Author Topic: Guidance For Creating Add-ons  (Read 6422 times)

0 Members and 1 Guest are viewing this topic.

Offline acclude

  • Newbie
  • *
  • Join Date: Mar 2013
  • Posts: 15
  • Location: Maryland
  • Karma: 1
  • Destructionator
    • View Profile
Guidance For Creating Add-ons
« on: March 23, 2013, 09:20:07 AM »
Thought I'd start a thread that may end up as a sticky to give tips/tricks/guidance to those creating their own Add-ons.


1.) Include detailed information in the description - Not everyone is as knowledgeable as you are. They may not apply a useful tweak just because they don't know what it does, or they may apply a tweak that has undesired effects. The more detailed and clear your description is, the better.

2.) Include an "Undo" or "Default" option in your tweaks -  Tweaks should not be a permanent thing. If someone wants to apply a tweak to try it out but then wants to return those tweak settings back to default, then they should have the ability to within your tweak. Without a "return to default" option in your tweak users have to look at the code the tweak executes, do some internet research to find out what the default value is, do more research to figure out how to make those changes to restore to default, and then actually do the work to return it to default. Not all users of the Advanced System Tweaker are capable of doing that with ease. Not to mention the disaster waiting to happen with novice users messing around with core system settings and registry keys. Just include a "restore to default" ability with your tweaks and save everyone the hassle.

3.) Test your tweaks before distributing - I'm guilty of this one as I wrote a few that used nested IF statements and found out later that they weren't support as of yet. If you have a VM, test your tweaks out in there before trying them on your live system. If you don't have a VM, make sure you have a current bootable image disc of your system to be able to easily restore it in a worst-case scenario. Make sure your tweaks have no adverse effects before posting them up for others to try out.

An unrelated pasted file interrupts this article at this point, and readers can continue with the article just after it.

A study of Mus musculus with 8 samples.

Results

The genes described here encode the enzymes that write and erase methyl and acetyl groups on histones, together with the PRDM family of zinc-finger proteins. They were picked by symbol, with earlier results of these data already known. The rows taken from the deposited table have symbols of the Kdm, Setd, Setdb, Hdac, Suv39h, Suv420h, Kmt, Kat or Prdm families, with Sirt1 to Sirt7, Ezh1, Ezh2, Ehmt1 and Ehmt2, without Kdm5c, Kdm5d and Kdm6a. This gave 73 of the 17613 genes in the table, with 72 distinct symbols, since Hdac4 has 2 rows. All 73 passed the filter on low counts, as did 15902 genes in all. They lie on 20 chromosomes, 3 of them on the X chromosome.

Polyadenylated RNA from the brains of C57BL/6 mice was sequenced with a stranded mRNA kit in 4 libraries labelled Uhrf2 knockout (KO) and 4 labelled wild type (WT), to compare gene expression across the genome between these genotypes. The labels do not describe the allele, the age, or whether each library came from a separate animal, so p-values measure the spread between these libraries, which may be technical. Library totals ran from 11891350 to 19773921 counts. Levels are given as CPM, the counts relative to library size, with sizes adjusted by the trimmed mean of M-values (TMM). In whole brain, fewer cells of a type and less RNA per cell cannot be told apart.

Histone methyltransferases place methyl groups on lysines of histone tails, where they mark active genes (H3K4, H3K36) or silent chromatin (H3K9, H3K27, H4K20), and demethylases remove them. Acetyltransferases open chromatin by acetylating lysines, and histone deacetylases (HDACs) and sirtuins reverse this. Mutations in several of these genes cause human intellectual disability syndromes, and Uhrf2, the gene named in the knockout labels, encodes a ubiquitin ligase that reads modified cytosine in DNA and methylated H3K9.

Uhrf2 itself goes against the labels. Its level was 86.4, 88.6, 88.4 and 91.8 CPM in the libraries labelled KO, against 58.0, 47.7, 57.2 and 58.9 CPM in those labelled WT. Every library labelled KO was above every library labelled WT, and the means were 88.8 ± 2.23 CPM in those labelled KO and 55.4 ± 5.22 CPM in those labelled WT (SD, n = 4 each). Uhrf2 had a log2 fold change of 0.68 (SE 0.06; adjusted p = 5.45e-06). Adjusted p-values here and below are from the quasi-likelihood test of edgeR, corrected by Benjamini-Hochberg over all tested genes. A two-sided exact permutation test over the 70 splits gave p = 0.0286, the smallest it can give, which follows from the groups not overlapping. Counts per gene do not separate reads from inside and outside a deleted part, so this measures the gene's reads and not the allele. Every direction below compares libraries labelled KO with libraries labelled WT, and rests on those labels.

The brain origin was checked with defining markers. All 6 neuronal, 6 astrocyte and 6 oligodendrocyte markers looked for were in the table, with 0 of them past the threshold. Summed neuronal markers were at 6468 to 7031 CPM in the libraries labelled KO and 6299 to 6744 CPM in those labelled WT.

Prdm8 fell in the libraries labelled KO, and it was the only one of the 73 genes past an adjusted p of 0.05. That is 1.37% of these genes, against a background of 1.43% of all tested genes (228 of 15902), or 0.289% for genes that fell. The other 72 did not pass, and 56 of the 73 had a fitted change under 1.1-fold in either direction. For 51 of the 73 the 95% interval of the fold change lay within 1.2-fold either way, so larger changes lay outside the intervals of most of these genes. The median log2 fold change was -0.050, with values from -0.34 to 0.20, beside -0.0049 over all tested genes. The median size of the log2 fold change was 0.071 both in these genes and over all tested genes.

4.) Research supported OSes - There's a nice built-in warning message that will show up to users trying to install a tweak that's incompatible with their version of Windows. Problem is that YOU have to research and figure out which versions of Windows your tweaks are compatible with in order for that to be effective. Spend the extra 10 minutes figuring out which versions it will work on and mark them appropriately in the "OS Supported" section to help everyone out trying to use your tweaks.

5.) Search for currently available tweaks - The tweak you want to write may already be available in the default tweaks within the program or on here in this Add-ons forum. Search to make sure you're not wasting your time creating something that already exists. If you think you can improve an already existing tweak, contact the tweak creator with your improvements so that they can update the existing tweak. That way there's not duplicate tweaks that essentially do the same thing which will cause some unnecessary confusion to users.

6.) Think "novice" or "beginner" with every aspect of your tweak - One main reason for a tweaker program such as Advanced System Tweaker is that people who don't know anything about computers can improve their working environments. All aspects of your tweaks should take that into consideration. If a seasoned pro would still be a little confused about what your tweak actually does, then you're doing something wrong. All tweaks should be written to make every aspect clear to the novice computer user who doesn't know anything beyond desktop point-n-click operations.



I may add more as I think of them and feel free to add your own tips/tricks/guidance for people creating their own add-ons.
I'm new to Tweaking.com but very experienced with computers and networks since the early 90's.